The ECB interest rate rise two weeks ago has left investors like the cat that got the cream and the euro fighting fit. But how long can the party last?
The EU seems sat on the financial equivalent of a pressure cooker right now. Each morning brings reports that turn the heat higher on the indebted PIG nations – plummeting credit ratings and rocketing bond yields and more. The question is: Can the euro stand the heat? Can the euro face these nerve-knocking reports head on and stand firm against currencies including sterling and the US dollar?
Let’s take a closer look.
Headaches for the PIGs
In the last 24 hours alone the PIG nations have suffered a trio of blows to the head. IFO boss Hans-Werner Sinn has told the Wall Street Journal that Portugal might become a bottomless pit – a hole into which cash disappears without ever getting full. Ireland has had its credit rating slashed to Baa3 with negative outlook through Moody’s. Greece meanwhile stands on the brink of default according to financial information service Markit.
In short it’s all but over for these countries. In spite of IMF bailouts and ECB handouts the fat lady has sung and the bird has flown the coup.
However the euro could not be more chipper – trading at near-recent peaks against sterling. So what gives?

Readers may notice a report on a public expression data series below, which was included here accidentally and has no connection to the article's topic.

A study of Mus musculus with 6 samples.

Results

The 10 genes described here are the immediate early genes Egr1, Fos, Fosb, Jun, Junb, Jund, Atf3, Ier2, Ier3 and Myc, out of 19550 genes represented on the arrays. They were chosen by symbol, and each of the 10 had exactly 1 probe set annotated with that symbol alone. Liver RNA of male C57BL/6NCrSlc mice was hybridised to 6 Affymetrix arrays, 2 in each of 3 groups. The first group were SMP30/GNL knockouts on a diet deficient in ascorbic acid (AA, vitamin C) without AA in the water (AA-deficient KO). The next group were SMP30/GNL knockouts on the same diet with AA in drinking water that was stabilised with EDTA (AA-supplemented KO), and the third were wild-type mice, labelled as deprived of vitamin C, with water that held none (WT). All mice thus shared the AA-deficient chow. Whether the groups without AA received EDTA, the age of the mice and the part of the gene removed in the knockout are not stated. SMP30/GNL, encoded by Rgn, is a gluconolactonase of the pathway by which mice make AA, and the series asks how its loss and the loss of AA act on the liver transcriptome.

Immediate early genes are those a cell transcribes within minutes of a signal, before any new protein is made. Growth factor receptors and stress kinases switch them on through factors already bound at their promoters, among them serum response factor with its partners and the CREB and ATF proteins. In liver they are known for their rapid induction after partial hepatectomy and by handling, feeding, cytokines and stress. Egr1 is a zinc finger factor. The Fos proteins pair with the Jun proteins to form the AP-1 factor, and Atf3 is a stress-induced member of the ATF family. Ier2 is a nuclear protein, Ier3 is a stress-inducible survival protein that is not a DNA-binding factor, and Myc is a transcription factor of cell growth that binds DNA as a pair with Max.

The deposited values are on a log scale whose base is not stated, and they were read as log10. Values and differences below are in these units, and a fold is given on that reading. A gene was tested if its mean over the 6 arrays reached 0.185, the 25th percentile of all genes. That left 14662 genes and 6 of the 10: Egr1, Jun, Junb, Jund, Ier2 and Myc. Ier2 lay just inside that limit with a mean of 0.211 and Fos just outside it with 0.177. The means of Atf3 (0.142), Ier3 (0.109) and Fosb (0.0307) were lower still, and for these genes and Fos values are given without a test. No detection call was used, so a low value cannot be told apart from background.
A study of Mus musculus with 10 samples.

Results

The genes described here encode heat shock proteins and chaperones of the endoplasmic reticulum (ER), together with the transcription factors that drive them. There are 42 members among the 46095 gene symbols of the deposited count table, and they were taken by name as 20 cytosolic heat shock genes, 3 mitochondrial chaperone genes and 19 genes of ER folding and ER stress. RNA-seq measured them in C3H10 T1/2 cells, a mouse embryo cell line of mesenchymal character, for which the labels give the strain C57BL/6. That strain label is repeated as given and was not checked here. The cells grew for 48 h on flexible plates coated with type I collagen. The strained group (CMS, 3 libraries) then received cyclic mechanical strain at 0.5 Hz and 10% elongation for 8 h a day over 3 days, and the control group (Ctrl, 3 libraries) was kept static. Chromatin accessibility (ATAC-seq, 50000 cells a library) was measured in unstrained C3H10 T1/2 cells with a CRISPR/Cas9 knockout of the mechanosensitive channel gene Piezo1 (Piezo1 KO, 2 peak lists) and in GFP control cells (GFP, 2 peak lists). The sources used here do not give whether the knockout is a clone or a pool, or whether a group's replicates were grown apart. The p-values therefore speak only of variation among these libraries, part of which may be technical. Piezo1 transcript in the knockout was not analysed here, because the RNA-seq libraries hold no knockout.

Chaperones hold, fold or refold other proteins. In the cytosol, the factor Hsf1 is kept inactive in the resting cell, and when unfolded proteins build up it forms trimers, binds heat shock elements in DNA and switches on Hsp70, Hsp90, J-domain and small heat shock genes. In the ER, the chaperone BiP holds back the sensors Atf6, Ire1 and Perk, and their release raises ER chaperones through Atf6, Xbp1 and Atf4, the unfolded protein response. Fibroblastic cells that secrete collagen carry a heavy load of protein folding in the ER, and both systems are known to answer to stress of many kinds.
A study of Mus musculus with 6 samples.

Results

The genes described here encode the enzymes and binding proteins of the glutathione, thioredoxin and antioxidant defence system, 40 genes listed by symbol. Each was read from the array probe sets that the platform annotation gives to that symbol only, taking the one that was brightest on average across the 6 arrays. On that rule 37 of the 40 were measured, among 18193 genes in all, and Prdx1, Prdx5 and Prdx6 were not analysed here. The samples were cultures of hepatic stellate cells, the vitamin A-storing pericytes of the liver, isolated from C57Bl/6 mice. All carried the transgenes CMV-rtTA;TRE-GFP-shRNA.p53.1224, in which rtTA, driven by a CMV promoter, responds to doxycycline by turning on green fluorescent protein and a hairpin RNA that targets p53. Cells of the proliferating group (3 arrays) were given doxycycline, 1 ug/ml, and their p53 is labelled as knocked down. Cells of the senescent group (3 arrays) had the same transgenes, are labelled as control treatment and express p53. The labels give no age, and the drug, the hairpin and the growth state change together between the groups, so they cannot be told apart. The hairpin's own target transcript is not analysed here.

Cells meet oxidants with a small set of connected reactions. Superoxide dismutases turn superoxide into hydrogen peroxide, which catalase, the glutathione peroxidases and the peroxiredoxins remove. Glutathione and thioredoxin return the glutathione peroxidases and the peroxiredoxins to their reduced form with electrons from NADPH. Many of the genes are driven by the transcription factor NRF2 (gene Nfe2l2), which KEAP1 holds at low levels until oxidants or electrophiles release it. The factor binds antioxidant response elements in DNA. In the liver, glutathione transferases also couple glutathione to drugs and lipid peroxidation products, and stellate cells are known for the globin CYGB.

Two factors in particular have kept the euro fighting fit. Two weeks back the European Central Bank upped interest rates for the first time since the global financial markets exploded in 2009. For investors this was the equivalent of hearing a cash register ring – it meant returns on EU bonds received a sudden testosterone boost. In addition the pace of German economic expansion resembles a rocket car. Each new release indicates that the German machine is unstoppable.
But focusing on German economic growth as the PIG nations falter is like ignoring the tornado that’s wrecking your house because the bedroom hasn’t been hit. It isn’t a bright idea in the first place and must at some point stop. So what happens when the markets can no longer ignore the elephant in the room and one or more of the PIG nations defaults?
Expect the euro to fall through the floor.
End to the party?
Next to nations such as Britain that have taken bold strides to rebuild their economies the EMU is a house founded on sand. For the euro to survive either PIG nations must be shown the business end of a steel-toed boot and kicked out – or the Germans themselves must abscond. Either means months of hand-wringing from EU politicians before a decision is announced – leaving the euro teetering on the brink of oblivion
The best bet then? Keep a close watch on the situation in Greece and other nations – and take advantage of euro strength before the milk curdles.
By Peter Lavelle with specialist foreign exchange broker Pure FX.